How does a private club decide on the ‘optimal’ level for club dues?
There are many methods available to determine 'optimal' dues, but successful clubs use a combination of tools (market -driven, value-based, etc.), and know that the key factor to consider is always the member first. The more you know about your ideal target member for each category of membership, the better you'll be able to provide what they value, and you’ll be more confident in what you’re able to charge.
There’s sensitivity around raising dues ‘too much.’ How much is too much? What are the deciding factors? What’s the ‘break’ point for members?
The break point for members can be any number of reasons, but for clubs in competitive markets it’s usually when there is an acceptable alternative. This boils down to supply and demand, and how your club compares both in terms of price and quality.
We recommend clubs evaluate competitive dues using a statistic we call Minimum Membership Obligation (MMO). Consider all of the required, recurring costs of membership and include all the little fees (base dues, capital dues, assessments, locker fees, cart fees, range program, food minimums, etc.) and add them up. The goal is to compare apples to apples. Many of our clients find that after looking at the market this way, their dues rate may be high relative to other competitors, but the MMO is lower overall. Every membership salesperson should know this cold.
When considering dues increases, what must the Board of Directors take into consideration?
When asked why they chose to leave a club, most members will scribble either “financial” or “lack of use” on their exit surveys. Both are indicators that the member’s perceived costs have outweighed the perceived benefits that their club membership offers. To combat this, Boards must consider how to continue to bolster their member benefits, and to ensure effective communication of these benefits both to prospective members and current members.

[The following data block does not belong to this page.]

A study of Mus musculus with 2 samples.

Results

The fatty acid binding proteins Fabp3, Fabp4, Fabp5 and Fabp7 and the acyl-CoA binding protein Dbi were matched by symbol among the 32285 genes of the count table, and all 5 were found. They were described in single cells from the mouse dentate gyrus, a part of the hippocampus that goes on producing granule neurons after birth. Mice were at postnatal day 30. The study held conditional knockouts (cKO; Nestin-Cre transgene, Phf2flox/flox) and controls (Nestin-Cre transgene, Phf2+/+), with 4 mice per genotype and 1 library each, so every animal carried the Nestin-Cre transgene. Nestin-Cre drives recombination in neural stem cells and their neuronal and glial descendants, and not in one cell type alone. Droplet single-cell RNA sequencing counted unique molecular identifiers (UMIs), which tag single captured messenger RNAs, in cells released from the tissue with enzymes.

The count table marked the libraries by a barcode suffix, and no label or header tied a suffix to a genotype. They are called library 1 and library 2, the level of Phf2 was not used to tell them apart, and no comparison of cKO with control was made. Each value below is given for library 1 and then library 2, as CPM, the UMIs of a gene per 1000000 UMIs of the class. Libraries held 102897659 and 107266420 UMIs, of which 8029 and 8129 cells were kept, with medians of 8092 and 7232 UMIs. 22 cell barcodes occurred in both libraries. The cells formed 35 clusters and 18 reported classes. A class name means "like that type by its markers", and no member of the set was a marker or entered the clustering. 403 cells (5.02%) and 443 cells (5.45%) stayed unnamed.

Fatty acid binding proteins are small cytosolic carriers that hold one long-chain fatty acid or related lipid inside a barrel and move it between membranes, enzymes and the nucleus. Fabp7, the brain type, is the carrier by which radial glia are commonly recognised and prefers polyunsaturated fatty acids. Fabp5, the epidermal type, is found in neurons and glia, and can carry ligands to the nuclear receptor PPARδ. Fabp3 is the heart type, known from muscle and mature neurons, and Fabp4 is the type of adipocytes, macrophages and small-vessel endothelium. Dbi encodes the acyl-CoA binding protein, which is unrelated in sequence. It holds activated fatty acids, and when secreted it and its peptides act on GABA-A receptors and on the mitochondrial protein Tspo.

How do today’s dues affect the next generation of club members?
Many clubs today are faced with situations where the club membership is aging out faster than they can recruit new, younger members. Clubs must appeal to the next generation of member, and realize that this next generation may be completely different than their existing members. There are great Legacy dues programs, Young Executive memberships, and even Preview membership that provide a pathway to full membership for the next generation of club members. But fundamentally, clubs need to be much more aggressive in creating value through innovative programs, services and enhancing the overall experience for the next generation of club members.
In concert with monthly dues are the club’s initiation fees? How does a club decide on the ‘correct’ initiation fee so that it doesn't hurt future recruitment member retainment?
There are so many factors that go into equity initiation fee pricing, especially when equity / refund liability is involved. Absent of that dynamic, non-equity initiation fees are market driven. On the buyer side, they are a symbol of status and perceived quality. On the club side, they enhance the brand and serve to create downside risk for the member to walk away from their investment. In this case, setting the correct initiation fee is simply an exercise in supply and demand. Depending on the market conditions, lowering initiation fees can have a seriously negative impact on brand – we always encourage clubs to first look into adding value and/or creating motivation vs. lowering fees.
From a case study point of view, can you discuss a club or clubs that have increased their due too much, and the effect that has had upon the club?
I’m sure there are many. Without naming names, a direct competitor of one of our client clubs raised dues to near the top of their market after they added some minor capital improvements that they thought justified the increase. Unfortunately they also cut member services to pay for the capex. Needless to say, they had a mass exodus of upset members.
Most clubs let the market dictate their pricing, and that may be just fine. But all clubs can benefit from a more value-based philosophy. Our recommendation would be to encourage clubs to examine their value proposition, and if necessary, think of ways to create value. There are only two ways to do this: 1. Create a better product or service (better offer); or, 2. Articulate the product or service differently or more clearly (better marketing).